Israel’s Food Sustainability Movement

The Israel Journal at NYU
4 min readApr 5, 2021


By Sydney Brown

Israel relies heavily on drip irrigation to facilitate sustainable farming. Photo: Avishai Finkelstein

The food sustainability movement is flourishing in Israel. With a wide variety of fresh produce from the Mediterranean region, weather that encourages people to spend time outside, and a vibrant food culture that celebrates farm to table eating, Israel is making strides towards sustainability.

Israel has become a world leader in sustainable agriculture, thanks in large part to drip irrigation, a micro-irrigation system that aims to save water over time with specifically placed valves and pipes that emit water through filters and follow a planned distribution path to evenly hydrate plants. Variants on this water distribution system date back as far as ancient China, where they used buried clay pots filled with water to experiment with different ways of watering plants. The first notable surface drip irrigation emitter, which applies water directly to the top layer of the soil rather than below the surface, was developed in 1959 by Simcha Blass in Israel. The technique was further developed in Kibbutz Hatzerim, a commune near the Negev desert. Drip irrigation is vital, especially in an arid country like Israel, because it allows gardens and farms to grow crops with a limited water supply. The water can be specifically manipulated to reach the roots of the plants, wasting less and improving the quantity of flora that can thrive and continue to produce. Furthermore, as less water gets wasted, the roots of the plants become more nourished, and the quality of the produce is improved as well.

Drip irrigation is not Israel’s only mechanism to conserve water. Pioneered by Tal-Ya Water Technologies, Israeli engineers have figured out a way to limit water waste with a reusable tray that collects dew from the air. This has significantly decreased the amount of water needed to keep trees and plants healthy, decreasing the amount of fertilizer needed for the crops. Tal-Ya translates to “heavenly dew,” and their company mission is to make agricultural practices more sustainable. Essentially, they want to produce a lot of plants with minimal resources and waste. The fully recyclable product they’ve created works by utilizing rainwater and dew optimally, reducing water use by at least 50% and increasing crop yield.

Fresh produce grown on the roof of an Israeli mall. Photo: Zach Pontz

Seed and plant breeding has also helped sustainability efforts since the birth of the state. Seed and plant breeding is used to manipulate certain plants to improve their function, appearance, and aroma. In the process of seed breeding, new crop varieties are purposefully interbred to develop unique varieties of produce. This method is important for creating new types of vegetation, which in turn leads to more biodiversity. Due to this production technique, Israel has been able to produce nutrient-dense seeds, yielding highly functional and drought-resistant crops. Most commonly used in the Central District of Israel, seed and plant breeding has also allowed for the production of a wide variety of crops for a more varied and unique diet.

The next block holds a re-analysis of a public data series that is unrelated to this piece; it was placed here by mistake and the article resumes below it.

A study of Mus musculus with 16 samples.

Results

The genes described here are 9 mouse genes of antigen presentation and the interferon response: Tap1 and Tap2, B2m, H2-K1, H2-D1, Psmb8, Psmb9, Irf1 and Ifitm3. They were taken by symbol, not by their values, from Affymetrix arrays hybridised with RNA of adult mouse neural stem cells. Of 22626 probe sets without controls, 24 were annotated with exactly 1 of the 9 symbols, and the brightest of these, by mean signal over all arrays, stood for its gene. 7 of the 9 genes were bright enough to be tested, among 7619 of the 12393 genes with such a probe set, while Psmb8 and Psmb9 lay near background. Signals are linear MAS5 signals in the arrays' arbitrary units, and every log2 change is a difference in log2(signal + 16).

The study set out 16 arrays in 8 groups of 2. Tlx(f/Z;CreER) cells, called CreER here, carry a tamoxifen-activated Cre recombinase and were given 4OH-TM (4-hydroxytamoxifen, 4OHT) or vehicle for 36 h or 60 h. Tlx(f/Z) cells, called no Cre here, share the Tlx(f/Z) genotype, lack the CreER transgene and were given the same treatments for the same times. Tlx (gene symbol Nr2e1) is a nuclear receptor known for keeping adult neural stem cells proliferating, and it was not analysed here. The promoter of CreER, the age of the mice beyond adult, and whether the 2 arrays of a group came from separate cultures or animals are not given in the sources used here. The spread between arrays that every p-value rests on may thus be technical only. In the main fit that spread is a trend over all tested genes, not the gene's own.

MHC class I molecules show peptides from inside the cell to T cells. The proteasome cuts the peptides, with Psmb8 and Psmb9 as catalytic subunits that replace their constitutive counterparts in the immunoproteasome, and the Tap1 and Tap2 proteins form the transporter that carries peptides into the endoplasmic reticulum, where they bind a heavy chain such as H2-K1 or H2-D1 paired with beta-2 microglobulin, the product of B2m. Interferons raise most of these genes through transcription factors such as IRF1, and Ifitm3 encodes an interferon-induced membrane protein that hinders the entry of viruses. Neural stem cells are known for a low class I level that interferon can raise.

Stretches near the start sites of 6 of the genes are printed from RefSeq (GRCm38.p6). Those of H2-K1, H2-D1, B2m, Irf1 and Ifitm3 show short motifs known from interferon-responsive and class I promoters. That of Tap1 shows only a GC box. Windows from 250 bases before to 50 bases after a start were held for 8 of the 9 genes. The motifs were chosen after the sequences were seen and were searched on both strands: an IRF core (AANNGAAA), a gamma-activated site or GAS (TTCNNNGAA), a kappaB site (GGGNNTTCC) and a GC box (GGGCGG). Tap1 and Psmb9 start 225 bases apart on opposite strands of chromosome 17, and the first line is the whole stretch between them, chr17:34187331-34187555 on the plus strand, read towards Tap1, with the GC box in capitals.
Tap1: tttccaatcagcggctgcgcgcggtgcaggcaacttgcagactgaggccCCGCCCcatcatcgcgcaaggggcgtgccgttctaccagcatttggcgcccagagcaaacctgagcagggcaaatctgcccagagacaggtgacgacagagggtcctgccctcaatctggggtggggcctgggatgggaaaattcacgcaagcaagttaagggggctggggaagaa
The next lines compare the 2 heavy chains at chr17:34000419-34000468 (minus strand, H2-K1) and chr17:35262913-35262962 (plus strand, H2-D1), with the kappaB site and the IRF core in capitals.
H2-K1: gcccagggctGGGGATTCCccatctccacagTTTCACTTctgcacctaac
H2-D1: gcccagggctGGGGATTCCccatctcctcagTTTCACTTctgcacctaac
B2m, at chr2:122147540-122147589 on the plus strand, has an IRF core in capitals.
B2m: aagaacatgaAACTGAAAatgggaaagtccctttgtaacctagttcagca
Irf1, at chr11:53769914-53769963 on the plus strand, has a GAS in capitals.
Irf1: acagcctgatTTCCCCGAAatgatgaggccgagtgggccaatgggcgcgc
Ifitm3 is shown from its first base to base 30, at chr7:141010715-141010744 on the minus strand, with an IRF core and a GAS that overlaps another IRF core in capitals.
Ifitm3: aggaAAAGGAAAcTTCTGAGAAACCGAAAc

One of the restaurants leading the charge to become sustainably sourced is Opa, a vegan establishment that focuses on seasonal and local produce to make the connection between people and their food. Located in Tel Aviv, Opa was founded by chef Shirel Berger, who cooks primarily with fruits and vegetables. She is passionate about the artistic value of plant foods and extols the virtues of locally grown produce. It’s important to look at food sustainability through the lens of a restaurant like Opa, where they make plant based eating accessible and approachable, but also celebrate local produce and the spirit of Israel’s environment. Berger uses inspiration from the restaurant’s rooftop agriculture landscape and produce from local farmers to create vegan fine dining dishes like fava beans with za’atar and strawberries and their seasonal mushroom dish with fried sage. Through the use of typical fruits, vegetables, and grains, Opa has been able to show how delicious and exciting eating plant-based, sustainable, and ethically sourced food can be. Opa also focuses on where they source their food from, harvesting only within a certain area to remove the unnecessary pollution and energy loss that comes from transporting goods.

Opa chef and founder Shirel Berger cultivating a dish outside. Photo: Opa Instagram

Tel Aviv has become a hot spot for plant-based cooking and eating. A large variety of vegan restaurants make delicious, innovative, and consciously sourced food. Like many other businesses at the beginning of the COVID-19 pandemic, Opa struggled. In hopes of wasting less food, they pickled and jarred all that they could and made changes to their massive rooftop garden to preserve the plants and herbs.

Influenced by creative restaurants like Opa, many companies tied to food culture in Israel have added sustainable food practices into their repertoire. Hava and Adam, an eco-educational farm, was founded outside of Tel Aviv with the goal of connecting Israelis to their environment, and to have a better understanding of the food they eat. Another similar sustainability effort is the Dizengoff Center Urban Community Garden, located on the rooftop of Israel’s busiest mall, which houses urban style gardens, grows local sustainable produce, and features workshops to get the community involved in learning more about these principles. Throughout Israel’s history, the nation has excelled in and focused on food and water conservation. It is inspiring to see how businesses are carrying the torch of sustainability.



The Israel Journal at NYU

The Israel Journal at NYU is an explanatory journal dedicated to clearing up the conversation around Israel.